Jabba's Palace Court Denizens
Released February, 2004
Reviewed by Adam Pawlus
Photography by Michael Sullenger
Reviewed on May 12, 2004
One new figure and a couple of repeats were common for the multi-packs from Hasbro, but this time we get a three pack with a lower price point and some fairly decent variety. Jabba's Palace Court Denizens has three figures, one modified from its original mail-in only release and two brand new, although one is arguably not equal to a whole figure.
This set includes a B'Omarr Monk, Wol Cabasshite, and of course, Bubo.
Since you get three figures, it's easy to find a lot to like, and a lot to complain about. For the cost, though, it's tough to complain for too long.
The smallest and the simplest figure in the set, Wol Cabasshite is more of an accessory than a figure. It's little more than a head with a tonuge on a suction cup, although it is accurate to the movie with its wrinkles and coloring. The question of "what do I do with this?" comes up, though, because our sample didn't exactly stick well to the walls in Jabba's Palace diorama, and well, what else would you do with it? It looks good but really doesn't do much of anything but sit there. We appreciate anything to enhance scenery, though, and as such this is a really nice little piece.
The other brand-new piece in this set is Bubo, a wrinkly and frankly hideous looking beast on a chain. It's a lot like Slimer from Ghostbusters, minus the ability to fly. The sculpt is pretty excellent, with a lot of wrinkles and jagged teeth as well as sculpted fingernails and a ton of painted details.
His opening jaw is nice to see, and moves easily. His arms are also articulated, as is his neck-- which may be a little tough to see. The wizards at Hasbro get better and better about hiding articulation and making it part of the design so that it doesn't stick out like a sore thumb, and this is always, always appreciated.
The removable chain is just a bendy plastic chain, nothing too special but a nice touch to flesh out one's diorama. Hasbro could have sold this one by itself if they really wanted to, but if they did, I'd want a metal chain. There's a number of bumps that are highlighted by the figure's paint job, which makes this a pretty great little figure instead of one that's merely adequate. This is probably the reason to buy the set, second only to the B'Omarr Monk if you didn't already get one.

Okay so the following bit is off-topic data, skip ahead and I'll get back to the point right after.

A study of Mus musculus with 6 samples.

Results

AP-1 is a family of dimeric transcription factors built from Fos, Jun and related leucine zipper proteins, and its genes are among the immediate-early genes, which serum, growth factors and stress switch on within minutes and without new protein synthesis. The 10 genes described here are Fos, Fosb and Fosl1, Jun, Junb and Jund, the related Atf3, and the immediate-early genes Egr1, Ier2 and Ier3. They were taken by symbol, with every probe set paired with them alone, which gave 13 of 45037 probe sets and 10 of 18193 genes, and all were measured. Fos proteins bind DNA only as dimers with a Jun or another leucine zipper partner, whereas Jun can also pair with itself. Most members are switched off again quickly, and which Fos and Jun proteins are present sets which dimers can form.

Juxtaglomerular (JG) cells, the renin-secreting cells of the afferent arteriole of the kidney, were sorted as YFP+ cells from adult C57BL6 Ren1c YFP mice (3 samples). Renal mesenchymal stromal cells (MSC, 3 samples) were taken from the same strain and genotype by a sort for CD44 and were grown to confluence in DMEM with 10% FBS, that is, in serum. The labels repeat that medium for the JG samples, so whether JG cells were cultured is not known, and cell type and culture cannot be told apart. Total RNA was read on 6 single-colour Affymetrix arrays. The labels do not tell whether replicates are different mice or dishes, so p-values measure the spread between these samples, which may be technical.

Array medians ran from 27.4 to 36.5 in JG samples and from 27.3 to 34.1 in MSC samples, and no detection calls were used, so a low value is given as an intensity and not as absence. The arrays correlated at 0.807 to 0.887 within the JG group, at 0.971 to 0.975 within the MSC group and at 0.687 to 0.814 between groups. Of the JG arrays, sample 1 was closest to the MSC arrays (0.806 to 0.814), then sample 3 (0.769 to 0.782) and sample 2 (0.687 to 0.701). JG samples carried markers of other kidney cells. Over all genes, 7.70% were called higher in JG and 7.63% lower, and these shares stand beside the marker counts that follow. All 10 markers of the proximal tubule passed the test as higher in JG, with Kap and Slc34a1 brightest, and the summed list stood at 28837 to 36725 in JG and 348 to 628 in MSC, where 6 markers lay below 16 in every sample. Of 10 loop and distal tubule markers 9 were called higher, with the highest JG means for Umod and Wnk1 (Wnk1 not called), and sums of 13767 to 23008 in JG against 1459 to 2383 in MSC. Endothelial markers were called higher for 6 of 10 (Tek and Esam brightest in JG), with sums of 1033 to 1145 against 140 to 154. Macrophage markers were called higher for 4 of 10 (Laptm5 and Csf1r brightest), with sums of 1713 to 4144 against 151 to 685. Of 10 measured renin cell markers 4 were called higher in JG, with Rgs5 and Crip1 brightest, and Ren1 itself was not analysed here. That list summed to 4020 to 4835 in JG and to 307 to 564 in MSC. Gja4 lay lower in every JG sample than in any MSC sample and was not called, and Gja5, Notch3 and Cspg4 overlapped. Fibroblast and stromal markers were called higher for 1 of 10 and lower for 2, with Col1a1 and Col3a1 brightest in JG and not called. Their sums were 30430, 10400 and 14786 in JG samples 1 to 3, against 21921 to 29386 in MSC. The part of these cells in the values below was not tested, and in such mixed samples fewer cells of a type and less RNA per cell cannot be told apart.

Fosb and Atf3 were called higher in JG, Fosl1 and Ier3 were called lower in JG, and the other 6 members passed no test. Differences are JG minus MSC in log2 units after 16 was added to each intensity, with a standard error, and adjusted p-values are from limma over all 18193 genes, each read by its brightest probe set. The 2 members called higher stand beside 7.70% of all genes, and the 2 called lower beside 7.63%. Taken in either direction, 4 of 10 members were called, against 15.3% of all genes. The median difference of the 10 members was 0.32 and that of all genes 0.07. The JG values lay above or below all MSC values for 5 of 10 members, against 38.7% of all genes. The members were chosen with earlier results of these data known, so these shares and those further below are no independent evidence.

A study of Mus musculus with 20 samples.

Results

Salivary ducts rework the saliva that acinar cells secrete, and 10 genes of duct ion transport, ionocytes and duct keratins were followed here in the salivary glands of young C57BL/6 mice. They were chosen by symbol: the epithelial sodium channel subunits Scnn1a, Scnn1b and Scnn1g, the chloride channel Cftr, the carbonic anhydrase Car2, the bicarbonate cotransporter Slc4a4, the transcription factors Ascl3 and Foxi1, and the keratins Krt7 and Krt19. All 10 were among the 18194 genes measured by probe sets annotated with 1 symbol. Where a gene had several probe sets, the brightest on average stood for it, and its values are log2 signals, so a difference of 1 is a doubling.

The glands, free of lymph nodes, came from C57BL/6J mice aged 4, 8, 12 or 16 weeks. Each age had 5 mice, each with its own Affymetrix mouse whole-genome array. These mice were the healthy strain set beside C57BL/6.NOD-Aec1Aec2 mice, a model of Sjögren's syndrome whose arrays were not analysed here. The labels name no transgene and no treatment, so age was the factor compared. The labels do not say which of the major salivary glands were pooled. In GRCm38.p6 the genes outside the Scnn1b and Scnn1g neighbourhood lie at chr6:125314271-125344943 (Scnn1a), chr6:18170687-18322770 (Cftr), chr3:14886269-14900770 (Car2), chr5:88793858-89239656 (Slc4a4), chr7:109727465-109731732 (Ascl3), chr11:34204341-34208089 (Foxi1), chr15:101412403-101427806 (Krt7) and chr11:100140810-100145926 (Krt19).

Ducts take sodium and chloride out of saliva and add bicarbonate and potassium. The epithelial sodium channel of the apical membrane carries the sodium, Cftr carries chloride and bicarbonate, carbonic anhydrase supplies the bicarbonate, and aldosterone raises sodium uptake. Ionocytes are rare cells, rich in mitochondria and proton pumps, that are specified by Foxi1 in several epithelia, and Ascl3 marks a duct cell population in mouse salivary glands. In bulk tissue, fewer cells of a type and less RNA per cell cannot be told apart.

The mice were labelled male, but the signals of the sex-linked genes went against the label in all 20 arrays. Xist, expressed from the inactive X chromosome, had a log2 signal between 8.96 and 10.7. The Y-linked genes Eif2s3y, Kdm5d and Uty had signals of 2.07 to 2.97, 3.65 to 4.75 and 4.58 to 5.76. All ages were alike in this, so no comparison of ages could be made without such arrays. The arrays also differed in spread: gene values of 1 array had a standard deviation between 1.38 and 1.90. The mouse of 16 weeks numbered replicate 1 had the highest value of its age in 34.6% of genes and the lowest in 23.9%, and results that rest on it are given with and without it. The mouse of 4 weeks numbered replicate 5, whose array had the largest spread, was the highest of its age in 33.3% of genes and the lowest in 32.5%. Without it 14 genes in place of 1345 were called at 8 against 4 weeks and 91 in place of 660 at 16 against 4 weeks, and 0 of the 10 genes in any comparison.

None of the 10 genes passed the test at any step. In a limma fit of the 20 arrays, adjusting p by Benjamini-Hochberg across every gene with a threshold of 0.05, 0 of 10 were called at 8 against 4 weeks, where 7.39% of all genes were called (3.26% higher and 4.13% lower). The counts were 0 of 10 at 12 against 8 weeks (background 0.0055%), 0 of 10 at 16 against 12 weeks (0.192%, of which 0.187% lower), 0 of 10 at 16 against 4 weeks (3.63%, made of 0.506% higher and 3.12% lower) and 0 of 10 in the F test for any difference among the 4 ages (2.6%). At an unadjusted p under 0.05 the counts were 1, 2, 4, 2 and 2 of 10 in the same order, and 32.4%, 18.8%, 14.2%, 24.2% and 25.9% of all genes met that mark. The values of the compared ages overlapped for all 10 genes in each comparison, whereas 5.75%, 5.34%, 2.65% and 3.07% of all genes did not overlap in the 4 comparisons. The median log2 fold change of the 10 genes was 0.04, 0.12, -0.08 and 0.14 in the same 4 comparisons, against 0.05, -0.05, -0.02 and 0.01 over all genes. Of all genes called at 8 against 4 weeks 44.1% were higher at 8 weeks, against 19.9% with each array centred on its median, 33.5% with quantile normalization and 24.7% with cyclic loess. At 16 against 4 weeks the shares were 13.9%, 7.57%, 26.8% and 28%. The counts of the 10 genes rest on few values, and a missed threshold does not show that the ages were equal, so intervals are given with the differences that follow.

Originally offered several years ago through Hasbro's Web site as its first exclusive, the B'Omarr Monk is pretty much the same from his first release with some added paint. The blue "liquid" is now red, and there's a ton of silver scuffing and highlights on his body. Aside from that, it's pretty much the same, but it's nice to see the once-$6+shipping figure in stores and cheap.
The brain-in-a-jar concept still works well, and the figure looks better than it did during its first run. As such, even if you have one or two, you might want to get this set for the improved version.
Nothing. What you see above is it, which for the money, is enough. The chain on Bubo is removable, which is great but nothing too fancy.
This toy comes in an extra large, extra thick Saga-style cardback. The design is fairly identical to that of the basic figures, but it's bigger. It would have been nice to have had it be just a little more distinctive, though, but I should also note I'm not a big fan of the gold-striped late-2003 Saga packaging anyway.
In stores everywhere. While not as common as Jabba, they're all over.
Well, there's no faster way to fill out the ranks of Jabba the Hutt. One rerun and some great new entries make this set $10 well spent, and if you have the means it's worth a look. Consider that the B'Omarr was something like $8 shipped back in 1997, and this is a really spectacular value.
Our regular sample was obtained from Entertainment Earth in April 2004.